Depression and Workplace Injuries

Depression is often an overlooked consequence of workplace injuries. According to the Center for Disease Control and Prevention (CDC), it’s one of the leading causes of disease or injury all over the world affecting both men and women. In 2010, the resulting economic burden totaled $210.5 billion in the United States. In a National Health and Nutrition Examination Survey by the CDC, it suggests that from 2009-2012, roughly 7.6% of Americans ages 12 and older battled depression. In addition, the 43% of those dealing with severe depressive symptoms also experienced difficulties in other parts of their lives.

The workplace is no exception from the impact of depression. Loss of work, lack of presence, and decreased productivity are some of the effects of depression. It is stressed by the CDC that these individuals are at a higher risk for substance abuse, smoking or other mental health disorders. Employees who suffered an injury in the workplace in combination with depression face additional challenges. In fact, depression can be a result of an on-the-job injury. This can impact workers’ compensation and an employee’s transition back to work after injury.

Risk of depression is worsened when coupled with loss of functional work capacity and chronic pain from injury. Even though depression can have far-reaching effects and can manifest from on-the-job injury, workers’ compensation benefits might not cover the treatment needed. Employees are then less likely to receive appropriate treatment and time away from work becomes prolonged. Employers must address depression in the workplace to avoid these complications.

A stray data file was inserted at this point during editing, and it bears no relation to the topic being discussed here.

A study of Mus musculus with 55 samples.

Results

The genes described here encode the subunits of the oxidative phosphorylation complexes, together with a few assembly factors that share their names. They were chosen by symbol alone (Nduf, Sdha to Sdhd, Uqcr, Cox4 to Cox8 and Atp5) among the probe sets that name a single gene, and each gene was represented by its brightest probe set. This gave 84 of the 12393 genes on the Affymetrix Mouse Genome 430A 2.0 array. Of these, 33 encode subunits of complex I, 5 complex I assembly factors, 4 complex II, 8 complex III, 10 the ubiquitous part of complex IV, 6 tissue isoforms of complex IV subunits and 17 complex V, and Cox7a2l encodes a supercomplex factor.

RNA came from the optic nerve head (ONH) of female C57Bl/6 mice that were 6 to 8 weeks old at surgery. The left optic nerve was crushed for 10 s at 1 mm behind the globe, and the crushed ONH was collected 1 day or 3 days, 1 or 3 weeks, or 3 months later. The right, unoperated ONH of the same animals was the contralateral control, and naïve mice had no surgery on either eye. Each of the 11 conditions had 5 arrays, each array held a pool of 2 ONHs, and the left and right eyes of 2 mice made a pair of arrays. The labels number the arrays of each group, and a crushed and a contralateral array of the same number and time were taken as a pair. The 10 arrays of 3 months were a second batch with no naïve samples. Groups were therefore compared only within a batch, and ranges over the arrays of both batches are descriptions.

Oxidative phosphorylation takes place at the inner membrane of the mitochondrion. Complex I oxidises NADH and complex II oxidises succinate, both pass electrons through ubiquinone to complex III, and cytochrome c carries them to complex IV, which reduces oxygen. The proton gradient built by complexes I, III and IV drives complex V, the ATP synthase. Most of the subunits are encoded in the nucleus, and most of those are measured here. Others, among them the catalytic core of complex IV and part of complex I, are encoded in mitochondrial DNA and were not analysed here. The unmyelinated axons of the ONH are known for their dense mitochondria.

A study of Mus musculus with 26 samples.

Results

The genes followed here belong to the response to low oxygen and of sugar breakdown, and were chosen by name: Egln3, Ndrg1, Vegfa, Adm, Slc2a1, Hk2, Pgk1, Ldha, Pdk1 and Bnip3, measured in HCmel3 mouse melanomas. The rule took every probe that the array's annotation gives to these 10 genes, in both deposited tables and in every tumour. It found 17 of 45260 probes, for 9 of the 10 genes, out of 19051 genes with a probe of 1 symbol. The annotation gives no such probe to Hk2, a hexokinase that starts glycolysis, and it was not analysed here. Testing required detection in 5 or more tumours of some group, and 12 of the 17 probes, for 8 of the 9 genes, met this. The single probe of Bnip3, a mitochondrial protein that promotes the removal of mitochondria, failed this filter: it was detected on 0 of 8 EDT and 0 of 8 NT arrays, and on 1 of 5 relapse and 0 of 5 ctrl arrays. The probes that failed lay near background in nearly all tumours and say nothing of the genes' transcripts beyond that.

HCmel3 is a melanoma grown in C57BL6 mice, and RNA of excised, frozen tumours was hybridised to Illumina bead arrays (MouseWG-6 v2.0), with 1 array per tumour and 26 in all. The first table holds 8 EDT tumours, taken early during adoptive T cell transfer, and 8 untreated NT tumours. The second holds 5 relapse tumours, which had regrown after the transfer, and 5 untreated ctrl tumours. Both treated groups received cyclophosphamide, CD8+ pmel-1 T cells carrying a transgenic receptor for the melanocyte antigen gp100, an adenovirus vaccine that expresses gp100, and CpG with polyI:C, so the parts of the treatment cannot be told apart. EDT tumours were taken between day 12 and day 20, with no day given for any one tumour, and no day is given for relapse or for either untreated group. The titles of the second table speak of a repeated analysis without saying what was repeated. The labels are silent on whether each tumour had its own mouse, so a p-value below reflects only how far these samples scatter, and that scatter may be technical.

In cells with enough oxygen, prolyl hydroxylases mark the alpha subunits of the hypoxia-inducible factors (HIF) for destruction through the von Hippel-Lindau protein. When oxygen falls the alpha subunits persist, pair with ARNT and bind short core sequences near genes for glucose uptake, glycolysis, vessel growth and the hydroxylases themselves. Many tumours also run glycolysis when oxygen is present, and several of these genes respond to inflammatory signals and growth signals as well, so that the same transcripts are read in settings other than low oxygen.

Medical Director of Healthworks Division, Carolinas HealthCare System, Lawrence Raymond, MD stresses employers to pay attention to employees. This is the best method to identifying and preventing workplace depression. If an injured employee returns to work, be aware of the following warning signs to look out for:

  • Difficulty adjusting after returning to the workplace,
  • Changes in appearance or attention to grooming,
  • Appears listless or sad,
  • Decline in productivity, or
  • Struggles with timelines on the job.

Supervisors are recommended to take action even before an injured employee returns to work. This may include: utilizing other coworkers to look out for the returning employee, providing education about depression, and create support programs. As an employer, always be invested, aware, and ready to reach out to your employees.